To check if you meet the requirements under the rules if you're an inward investment vehicle (financial).

Last updated 11 October 2023

An entity can choose to adopt an arm's length debt amount as its maximum allowable debt. It would generally do so only if its adjusted average debt is more than its safe harbour debt amount. In many cases the arm's length debt amount will be less than the safe harbour debt amount.

The focus of the arm's length debt analysis is on the entity's Australian business and investments. The arm's length debt amount is determined by conducting an analysis with regard to certain factual assumptions and relevant factors. The factual assumptions include some conditions that actually exist during the income year and some conditions that replace what actually happened during that period.

Broadly, the assumptions are that the entity's:

• only commercial activities are those of its Australian business (Australian business has a wide meaning)
• Australian business was independent of any guarantee, security or other support provided by any of its associates or by the use of the assets that are attributable to any overseas permanent establishments.

Relevant factors

Certain factors must be taken into account when doing this analysis. These are outlined below. All the factors must be taken into account and must be considered in the context of the above assumptions. The factors should not be considered in isolation from each other.

The weight given to each factor in the analysis of a particular entity may vary depending on the facts and circumstances of each case.

The factors are:

• the functions the entity performed, the assets used and the risks it assumed in relation to its Australian business throughout the year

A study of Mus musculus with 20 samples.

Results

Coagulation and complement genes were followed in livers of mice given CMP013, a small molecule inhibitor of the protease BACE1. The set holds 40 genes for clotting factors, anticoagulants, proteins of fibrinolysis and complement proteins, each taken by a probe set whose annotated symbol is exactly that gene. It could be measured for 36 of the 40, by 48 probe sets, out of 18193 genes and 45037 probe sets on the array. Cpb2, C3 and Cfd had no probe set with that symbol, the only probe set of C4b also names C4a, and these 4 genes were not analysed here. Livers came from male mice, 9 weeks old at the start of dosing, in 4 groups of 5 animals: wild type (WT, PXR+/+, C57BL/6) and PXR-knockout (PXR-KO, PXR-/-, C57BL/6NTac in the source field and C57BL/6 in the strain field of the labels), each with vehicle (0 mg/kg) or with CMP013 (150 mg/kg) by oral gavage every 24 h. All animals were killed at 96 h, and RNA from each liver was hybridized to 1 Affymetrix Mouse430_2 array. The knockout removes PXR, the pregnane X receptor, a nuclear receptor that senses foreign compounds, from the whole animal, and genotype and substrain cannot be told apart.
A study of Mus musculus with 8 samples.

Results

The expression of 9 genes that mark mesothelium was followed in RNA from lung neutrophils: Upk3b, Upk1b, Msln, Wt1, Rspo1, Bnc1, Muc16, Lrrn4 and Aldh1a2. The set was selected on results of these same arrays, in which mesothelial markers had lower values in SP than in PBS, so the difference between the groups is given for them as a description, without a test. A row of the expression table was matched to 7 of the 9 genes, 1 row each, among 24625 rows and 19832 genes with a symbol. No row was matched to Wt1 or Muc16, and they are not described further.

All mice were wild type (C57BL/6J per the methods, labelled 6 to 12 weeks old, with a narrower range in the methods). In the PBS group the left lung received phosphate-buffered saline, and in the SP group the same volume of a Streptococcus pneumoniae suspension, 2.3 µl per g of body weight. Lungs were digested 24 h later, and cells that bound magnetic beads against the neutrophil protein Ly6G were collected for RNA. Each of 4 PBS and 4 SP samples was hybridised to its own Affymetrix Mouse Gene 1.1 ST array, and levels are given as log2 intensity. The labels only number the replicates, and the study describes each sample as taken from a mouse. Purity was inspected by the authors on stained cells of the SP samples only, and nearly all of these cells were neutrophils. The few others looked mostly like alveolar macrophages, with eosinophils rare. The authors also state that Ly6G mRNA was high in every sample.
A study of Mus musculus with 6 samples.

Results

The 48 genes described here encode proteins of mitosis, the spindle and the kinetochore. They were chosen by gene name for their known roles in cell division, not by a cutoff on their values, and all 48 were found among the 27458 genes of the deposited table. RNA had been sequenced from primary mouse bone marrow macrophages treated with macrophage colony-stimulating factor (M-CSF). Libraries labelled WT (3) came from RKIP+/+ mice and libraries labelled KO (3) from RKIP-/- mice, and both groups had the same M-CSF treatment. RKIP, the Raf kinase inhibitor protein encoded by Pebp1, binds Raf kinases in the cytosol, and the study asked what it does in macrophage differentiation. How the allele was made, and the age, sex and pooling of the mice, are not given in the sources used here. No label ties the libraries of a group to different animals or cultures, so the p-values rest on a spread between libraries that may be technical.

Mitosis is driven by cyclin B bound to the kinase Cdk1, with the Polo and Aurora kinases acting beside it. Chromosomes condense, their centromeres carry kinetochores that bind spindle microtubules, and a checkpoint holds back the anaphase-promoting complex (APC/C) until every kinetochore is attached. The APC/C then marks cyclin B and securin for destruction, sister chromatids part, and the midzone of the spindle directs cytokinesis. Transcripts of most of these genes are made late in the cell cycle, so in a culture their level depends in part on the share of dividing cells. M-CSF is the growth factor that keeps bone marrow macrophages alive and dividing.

• the terms and conditions of loans (such as interest rate, repayment amount and the duration of the loan) the entity actually had in relation to its Australian business throughout the year
• the nature of, and title to, any of the entity's assets attributable to the Australian business that were available to the entity to provide as security for the loans throughout the year
• the purpose of entering into the loan arrangements in relation to the Australian business throughout the year
• the entity's capacity to repay both the interest and principal components of the debt, in addition to all of its other liabilities, in relation to its Australian business throughout the year
• the entity's profitability and the return on its capital in relation to the Australian business, whether during that year or at any other time
• the debt-to-equity ratio of the entity in relation to its Australian business, to each of the entity's associate entities that engage in commercial activities similar to the Australian business and each other entity that the entity has a direct or indirect interest
• commercial practices adopted by independent parties dealing with each other at arm's length in the industry in which the entity operated its Australian business throughout the year, whether in Australia or in comparable markets elsewhere
• the general state of the Australian economy throughout the year
• all of the above factors that existed when the entity previously entered into a scheme that gave rise to an actual debt interest attributable to the Australian business that remained on issue throughout the year
• any other relevant factors required that must be considered as set out in the regulations made for the purposes of the arm's length debt amount test.

If an entity is relying on an arm's length debt amount, it must keep records documenting the application of the factual assumptions and relevant factors. These records must be prepared before the entity lodges its tax return.

 If the entity has not appropriately taken into account the factual assumptions and the relevant factors to calculate the arm's length amount, we have the power to substitute a different arm's length amount that we consider to better reflect those assumptions and relevant factors.